Most buy-sell agreements include a restriction on the sale or transfer of shares by a shareholder to any third party without first giving the corporation and/or the other shareholders the option to buy the shares prior to transfer to the third party.

This right of first refusal may contain certain exceptions such as a proposed transfer to other current shareholders, a spouse or descendants of any shareholder, a trust or trusts created for the benefit of the shareholder or his spouse or descendants, to a corporation or other entity controlled by the shareholder, or similar carve outs. In those situations, the shareholders may agree that they wish to allow for the free transfer of shares within a family group but restrict the free transferability of shares to an outside party. (If transfers are to be allowed to a spouse, the definition may be limited to the spouse of a descendant of a common ancestor so that a “family shareholder” might freely transfer his or her shares to his or her spouse, but if that spouse remarried to an individual who is not a descendant of the initial ancestor, the shares could not be transferred to this “outsider” similar terms may limit “descendants” to those of a “family ancestor”.)

This right of first refusal would typically require that the selling shareholder give notice to the company and/or the other shareholders of the proposed transfer, the proposed transferee, the anticipated sale price and terms of sale and other salient information.

The company under a stock redemption agreement would then be given the right for a period of time to elect to exercise the right to purchase the shares. The decision on behalf of the corporation may be made by the board of directors or other shareholders, with the selling shareholder abstaining from voting on such decision and the majority vote of the non-selling shareholders treated as the decision of the corporation regarding the election to purchase.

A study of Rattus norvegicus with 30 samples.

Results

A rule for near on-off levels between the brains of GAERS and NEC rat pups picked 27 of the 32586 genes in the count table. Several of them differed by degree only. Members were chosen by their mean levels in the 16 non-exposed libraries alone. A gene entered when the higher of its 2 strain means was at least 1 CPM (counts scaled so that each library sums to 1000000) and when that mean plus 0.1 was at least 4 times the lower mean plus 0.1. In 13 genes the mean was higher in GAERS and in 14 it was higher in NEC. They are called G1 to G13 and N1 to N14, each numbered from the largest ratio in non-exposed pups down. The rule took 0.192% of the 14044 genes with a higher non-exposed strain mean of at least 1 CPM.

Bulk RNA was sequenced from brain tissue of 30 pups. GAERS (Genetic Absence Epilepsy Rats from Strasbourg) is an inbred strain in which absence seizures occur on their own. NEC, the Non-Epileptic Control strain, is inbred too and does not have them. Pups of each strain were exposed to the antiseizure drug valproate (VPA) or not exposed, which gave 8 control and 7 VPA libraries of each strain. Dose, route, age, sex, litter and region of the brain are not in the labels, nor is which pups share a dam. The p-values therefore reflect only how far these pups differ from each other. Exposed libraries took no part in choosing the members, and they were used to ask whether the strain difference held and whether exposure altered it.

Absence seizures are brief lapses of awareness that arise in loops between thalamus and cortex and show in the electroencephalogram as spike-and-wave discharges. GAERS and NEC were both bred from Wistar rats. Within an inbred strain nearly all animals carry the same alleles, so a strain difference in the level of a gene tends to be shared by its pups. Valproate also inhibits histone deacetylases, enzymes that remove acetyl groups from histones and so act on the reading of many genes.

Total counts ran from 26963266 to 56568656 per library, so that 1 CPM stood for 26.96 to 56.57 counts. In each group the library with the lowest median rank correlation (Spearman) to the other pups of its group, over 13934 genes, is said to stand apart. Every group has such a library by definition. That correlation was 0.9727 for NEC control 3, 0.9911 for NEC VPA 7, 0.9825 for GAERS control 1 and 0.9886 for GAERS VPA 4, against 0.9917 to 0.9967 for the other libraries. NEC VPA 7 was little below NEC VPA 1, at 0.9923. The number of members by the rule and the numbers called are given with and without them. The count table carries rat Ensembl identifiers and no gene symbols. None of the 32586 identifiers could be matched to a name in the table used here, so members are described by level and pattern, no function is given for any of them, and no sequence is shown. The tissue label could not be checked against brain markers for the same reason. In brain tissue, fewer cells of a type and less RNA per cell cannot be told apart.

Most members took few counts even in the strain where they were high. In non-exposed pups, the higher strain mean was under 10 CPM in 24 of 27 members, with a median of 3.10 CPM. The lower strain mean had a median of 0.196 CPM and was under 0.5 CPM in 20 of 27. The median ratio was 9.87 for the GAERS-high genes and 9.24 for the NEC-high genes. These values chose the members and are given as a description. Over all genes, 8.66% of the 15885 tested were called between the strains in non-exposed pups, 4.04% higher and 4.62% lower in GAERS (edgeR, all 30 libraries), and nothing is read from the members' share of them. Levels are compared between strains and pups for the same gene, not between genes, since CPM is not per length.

If the corporation elects not to purchase the offered shares or to purchase less than all of the offered shares, a secondary option may then pass to the non-selling shareholders to elect to purchase the remaining offered shares based upon their prorata holdings as non-selling shareholders. The agreement may also contain a third tier option for the initial electing shareholders to purchase any remaining unpurchased shares.

Reasonable time lines should be included in this provision which would allow the corporation and the non-selling shareholders to review and decide upon exercise of the option to purchase.

This provision may allow the corporation and non-selling shareholders to purchase only a portion, but not necessarily all, of the offered shares, or provide that the option rights are void unless all of the offered shares are purchased by the corporation by non-selling shareholders.

The right of first refusal may require that the corporation and purchasing shareholders match the terms and conditions of the third party offer. Alternatively, this provision may provide that the option price is set by the valuation terms contained in the agreement (as discussed below) and/or that the purchase price may be paid over a period of time regardless of the offered terms.

If the corporation and non-selling shareholders do not purchase the shares, the selling shareholder may then proceed with a sale to the identified third party buyer upon the same terms and conditions as outlined. However, if the potential purchaser or the terms are in any way modified, or the third party sale fails to close within a specified period of time, this provision will generally require that the selling shareholder go through another offering to the corporation and non-selling shareholders prior to completing any sale.

Professional Services Disclaimer: Please note that the information presented here is as an educational service, and while it contains information about legal issues, it is not legal advice. No warranty is made regarding the applicability of the information presented to a particular client situation, and the information set forth is not a substitute for original legal research, analysis and drafting for a particular client situation.